To reinforce the many plaudits which have come the way of Scotland's champion school debaters (p8), we are delighted to add our own modest congratulations. Too often we feel the need to overstate our national triumphs simply because the opportunities do not come along that often whether it be the Murray brothers on the tennis court or Colin Montgomerie's occasional golfing wins or the Scotland football team's resurgent form.
But, despite the tiny base from which school debating has to launch itself in Scotland, our record in the world championships is more remarkable than that in many of those other fields: this is the third win and Scottish pupils have been runners-up five times. Although there has been a strong debating tradition in Scottish schools, the infrastructure is not well- supported, as our report this week shows.
The fact that the team had to draw so heavily on pupils from the independent sector should be a warning to state schools. It should also send a signal to politicians that more must be done to reinforce debating in schools: after all, it is something that nurtures the seed corn of their own profession. Talent ought to be encouraged, wherever it manifests itself and especially when that is on the world stage.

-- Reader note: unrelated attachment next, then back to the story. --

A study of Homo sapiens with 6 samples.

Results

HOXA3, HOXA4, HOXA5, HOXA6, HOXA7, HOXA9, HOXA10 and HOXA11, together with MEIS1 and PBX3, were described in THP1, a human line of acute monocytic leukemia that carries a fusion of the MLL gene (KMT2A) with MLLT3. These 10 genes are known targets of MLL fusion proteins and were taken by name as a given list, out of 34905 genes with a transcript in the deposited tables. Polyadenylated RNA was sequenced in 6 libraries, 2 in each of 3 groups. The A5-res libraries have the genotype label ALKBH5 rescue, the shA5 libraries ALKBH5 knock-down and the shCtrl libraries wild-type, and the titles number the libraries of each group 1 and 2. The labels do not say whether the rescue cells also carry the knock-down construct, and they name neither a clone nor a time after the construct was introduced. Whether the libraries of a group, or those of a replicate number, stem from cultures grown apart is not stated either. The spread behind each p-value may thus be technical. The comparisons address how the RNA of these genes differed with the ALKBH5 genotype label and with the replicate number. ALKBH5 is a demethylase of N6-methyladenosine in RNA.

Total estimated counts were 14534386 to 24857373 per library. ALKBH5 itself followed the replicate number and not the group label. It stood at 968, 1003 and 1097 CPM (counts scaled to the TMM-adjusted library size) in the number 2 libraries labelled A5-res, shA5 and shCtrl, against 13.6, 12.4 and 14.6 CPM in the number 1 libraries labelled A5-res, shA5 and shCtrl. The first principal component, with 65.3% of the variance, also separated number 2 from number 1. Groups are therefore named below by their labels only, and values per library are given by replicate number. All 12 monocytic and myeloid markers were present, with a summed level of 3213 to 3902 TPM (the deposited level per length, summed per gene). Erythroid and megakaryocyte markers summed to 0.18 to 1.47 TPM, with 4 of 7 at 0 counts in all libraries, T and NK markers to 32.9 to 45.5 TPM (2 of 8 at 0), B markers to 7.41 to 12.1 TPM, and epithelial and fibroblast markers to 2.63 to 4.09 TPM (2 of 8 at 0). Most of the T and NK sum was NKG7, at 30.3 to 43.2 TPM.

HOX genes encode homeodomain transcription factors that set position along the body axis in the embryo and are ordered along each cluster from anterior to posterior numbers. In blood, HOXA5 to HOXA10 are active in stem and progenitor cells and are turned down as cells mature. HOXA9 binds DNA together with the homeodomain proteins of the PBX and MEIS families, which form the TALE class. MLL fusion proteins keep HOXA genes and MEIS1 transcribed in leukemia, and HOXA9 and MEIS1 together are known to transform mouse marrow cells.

Analysing facts and marshalling arguments in public are also skills to which the Scottish Executive should be committed. It is clear from Team Scotland's success that the pupils' debating qualities fit perfectly with official policy turning them into successful learners, confident individuals, effective contributors and responsible citizens.